New Delhi, April 9 (IANS) One was accused of hate speech before communal riots broke out in Delhi in February this year and the other is still remembered for his slap on Prashant Bhushan years ago over the lawyer’s position on Kashmir. But the two seem to have worked to create an unique identity for themselves as ‘dial a help’.
Both Kapil Mishra and Tajinder Bagga were fielded by the BJP for the Delhi assembly election from Model Town and Hari Nagar respectively. However, both lost the election. However, ever since Mishra opened a crowd funding account to raise a handsome Rs 1 crore to be disbursed among the riot victims as northeast Delhi was liming back to normalcy. Similarly, Bagga has become a Twitter helpline where he is liasoning with BJP’s youth wing, the Art of Living Foundation and Patanjali to ensure ration and medicine reach those whoever seek his help, not just in the national capital but beyond, as India witnesses an unprecedented 21 days shutdown.
Bagga – a tweet away for help in Shutdown
“I have barely been able to sleep. I can’t keep the phone on silent and notifications are constantly coming seeking help,” says Bagga. He claims, on average he attends to 200 requests per day. He claims most of the requests are coming through Twitter, while those who have his number are also sending WhatsApp requests.
“Initially I got SOS calls where at least hundred people were in need of food. But then there are requests for just five in a family,” he said.
There are also requests coming in from across India, he says and a cursory look at his Twitter timeline proves this.
On April 4, Diksha Pandey sent an SOS on behalf of Bimal Maurya who she claimed was stuck in Uttar Pradesh’s Jaunpur. On April 3, Sridhar V reached out to him for help in Madhya Pradesh’s Indore. What Bagga does, he tags the local BJP leadership, mostly from the BJYM, who in turn sends out the help. For instance, for Sridhar’s request, Bagga sought help from Indore MLA Ramesh Mendola. “Its a two way street. They help us, wherever they are. We help them here in Delhi,” he reasoned.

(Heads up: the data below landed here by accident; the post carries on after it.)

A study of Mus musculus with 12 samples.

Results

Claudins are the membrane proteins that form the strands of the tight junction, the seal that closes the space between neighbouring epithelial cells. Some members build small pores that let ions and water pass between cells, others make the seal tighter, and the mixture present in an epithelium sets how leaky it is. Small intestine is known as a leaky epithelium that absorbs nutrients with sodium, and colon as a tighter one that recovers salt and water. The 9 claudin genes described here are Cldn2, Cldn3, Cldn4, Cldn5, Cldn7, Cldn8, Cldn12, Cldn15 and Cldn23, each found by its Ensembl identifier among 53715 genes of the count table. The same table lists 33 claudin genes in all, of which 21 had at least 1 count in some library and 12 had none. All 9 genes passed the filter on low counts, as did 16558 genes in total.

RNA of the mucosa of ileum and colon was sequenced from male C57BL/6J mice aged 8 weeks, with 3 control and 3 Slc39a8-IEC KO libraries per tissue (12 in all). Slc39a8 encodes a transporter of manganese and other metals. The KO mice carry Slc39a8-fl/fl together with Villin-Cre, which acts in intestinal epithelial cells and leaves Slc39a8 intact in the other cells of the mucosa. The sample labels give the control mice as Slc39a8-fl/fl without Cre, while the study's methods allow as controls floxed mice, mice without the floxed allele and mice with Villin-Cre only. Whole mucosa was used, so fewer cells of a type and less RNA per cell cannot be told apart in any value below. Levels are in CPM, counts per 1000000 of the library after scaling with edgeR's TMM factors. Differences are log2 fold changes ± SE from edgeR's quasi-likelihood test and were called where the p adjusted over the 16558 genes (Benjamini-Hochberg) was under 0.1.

He may have plastered the town with anti AAP posters many a time and run campaigns under the aegis of Bhagat Singh Kranti Sena, but the shutdown brought out a different persona. Believe it or not, for a request on April 2, Bagga openly sought help from Delhi’s Deputy CM Manish Sisodia, his political opponent. He even spoke to AAP’s Ankit Lal to arrange a doctor for Twitter user Sachin Mittal. Asked on his political differences with AAP, he shot back, “This is not the time to consider that.”Kapil Mishra – a metamorphosis post riot?
Mishra is known to have very strong views on most things including the Shaheen Bagh blockade, which started against the citizenship Act brought by the Centre. Just before the communal riots broke out in parts of northeast Delhi, Mishra warned against “another Shaheen Bagh’ at Jafrabad area, a minority-dominated area of Delhi.
But, as the riots ended killing 53 and injuring more than 200, Mishra seemed to have gone through a metamorphosis. The campaign to crowdfunding began on February 28 and in a very short span of time, Rs 72 lakh was raised. Operated through crowdcash.org, Mishra raised a whopping Rs 1 crore.
On April 18, he suspended the campaign after reaching the target.
While direct disbursal were made to many accounts, help was also extended to 62 families “whose homes or businesses were damaged”.
The goal of the campaign, in Mishra’s own words, was to identify families who were “massively impacted due to the riots and help them with monetary assistance”. However, he was clear from the beginning that the recipient would be “underprivileged Hindu families who have been impacted by the riots”. Though, the opposition criticized this exclusivity, the financial assistance was timely for the recipients.